Chris Fritton & Keri Miki-Lani Schroeder


Chris Fritton is a poet, printer, and artist based in Buffalo, NY. He’s the former Studio Director of the Western New York Book Arts Center, and he’s best known for his decade-long traveling project and subsequent book, The Itinerant Printer. He’s been a visiting artist and instructor at hundreds of institutions, including RISD, MICA, VCU, The Center for Book Arts, and others. His work is held at The Library of Congress, the Ruth and Marvin Sackner Archive of Concrete and Visual Poetry at University of Iowa, the Letterform Archive, and more.

Keri Miki-Lani Schroeder is a book artist and proprietor of Coyote Bones Press based in San Antonio, Texas. She creates limited-edition artist’s books, teaches workshops at various institutions, and hosts Books in the Wild Podcast. Keri holds an MFA in Book Art & Creative Writing from Mills College, and has worked at Flying Fish Press and BookLab II as an edition bookbinder. She was awarded as Helen M. Salzberg Artist in Residence for Jaffe Center for Book Arts in 2019-2020, winner of the 2022 MCBA Prize, and recipient of the 2023 Center for Craft Teaching Artist Cohort Grant.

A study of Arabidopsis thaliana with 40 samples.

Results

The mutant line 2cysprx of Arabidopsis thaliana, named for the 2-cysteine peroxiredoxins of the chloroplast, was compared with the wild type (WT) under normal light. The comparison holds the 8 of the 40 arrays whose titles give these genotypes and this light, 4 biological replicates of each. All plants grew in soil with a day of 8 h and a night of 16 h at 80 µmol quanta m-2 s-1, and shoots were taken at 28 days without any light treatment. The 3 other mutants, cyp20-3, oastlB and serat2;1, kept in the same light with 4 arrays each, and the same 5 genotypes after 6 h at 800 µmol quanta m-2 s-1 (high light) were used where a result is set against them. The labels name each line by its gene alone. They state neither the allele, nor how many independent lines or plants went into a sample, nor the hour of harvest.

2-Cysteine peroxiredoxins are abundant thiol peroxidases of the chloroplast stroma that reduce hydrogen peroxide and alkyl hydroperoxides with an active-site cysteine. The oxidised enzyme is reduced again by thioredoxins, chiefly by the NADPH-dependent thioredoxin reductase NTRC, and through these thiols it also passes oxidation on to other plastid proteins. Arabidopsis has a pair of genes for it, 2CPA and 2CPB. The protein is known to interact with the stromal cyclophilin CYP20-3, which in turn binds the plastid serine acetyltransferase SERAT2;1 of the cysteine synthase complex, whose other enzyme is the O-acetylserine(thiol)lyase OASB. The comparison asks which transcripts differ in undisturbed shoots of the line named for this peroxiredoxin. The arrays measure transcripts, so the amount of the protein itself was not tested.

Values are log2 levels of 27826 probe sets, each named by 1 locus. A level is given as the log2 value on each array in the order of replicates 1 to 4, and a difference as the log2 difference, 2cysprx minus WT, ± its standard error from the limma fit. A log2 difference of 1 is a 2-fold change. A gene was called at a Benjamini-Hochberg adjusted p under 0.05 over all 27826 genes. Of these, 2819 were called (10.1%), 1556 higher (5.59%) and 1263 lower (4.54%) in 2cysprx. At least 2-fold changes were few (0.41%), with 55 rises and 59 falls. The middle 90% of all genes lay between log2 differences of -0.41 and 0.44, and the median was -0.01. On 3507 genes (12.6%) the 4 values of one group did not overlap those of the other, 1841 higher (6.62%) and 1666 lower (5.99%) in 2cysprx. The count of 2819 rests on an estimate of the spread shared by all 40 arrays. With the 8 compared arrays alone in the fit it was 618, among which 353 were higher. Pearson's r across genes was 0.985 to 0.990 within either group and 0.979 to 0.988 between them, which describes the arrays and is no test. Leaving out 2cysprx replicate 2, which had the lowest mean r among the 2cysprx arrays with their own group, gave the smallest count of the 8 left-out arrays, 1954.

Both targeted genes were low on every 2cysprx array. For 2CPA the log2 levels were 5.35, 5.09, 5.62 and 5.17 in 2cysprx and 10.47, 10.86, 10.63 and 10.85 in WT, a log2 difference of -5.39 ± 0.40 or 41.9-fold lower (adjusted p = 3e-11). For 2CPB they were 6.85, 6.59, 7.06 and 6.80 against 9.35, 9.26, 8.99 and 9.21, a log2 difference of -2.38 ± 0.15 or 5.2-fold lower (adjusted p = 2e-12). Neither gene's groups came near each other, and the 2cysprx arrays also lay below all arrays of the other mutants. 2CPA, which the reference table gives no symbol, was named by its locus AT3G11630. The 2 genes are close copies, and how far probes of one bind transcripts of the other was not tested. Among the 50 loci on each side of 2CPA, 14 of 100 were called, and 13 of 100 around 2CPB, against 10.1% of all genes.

"Please Stay Until Doomsday," an artist's book comprising multiple devices that create an (almost) infinitely variable poem. The talk will focus on the construction of the book as an object, the collaborative writing and design process, and the inspiration behind the piece. Please Stay Until Doomsday is a planispheric map of our internal space. The folio houses a set of volvelles that revolve around themes of isolation, connection, and the inevitable phases of a relationship. The first sequence of concentric rings conjures a series of unique poems made by adjusting silver handles reminiscent of constellations in a night sky. Each poem is a singular instance of hundreds of possibilities, and each adjustment creates a new iteration. These stellar poetic arrangements are elaborated further by the adjacent volvelle, which reveals nine static poems accompanied and adorned by illustrations of human experiences envisioned as celestial bodies. Throughout history we have looked to the skies for guidance and perspective. This book is a map of the sky, as well as a map of ourselves. It represents our internal cosmos: the dynamic reality of love and loss; the effect of proximity and gravity; the danger and delight of longing; the loneliness we feel even in the midst of people – each of us a body unto ourselves, in conversation with, adjacent to, but never really connected to, others.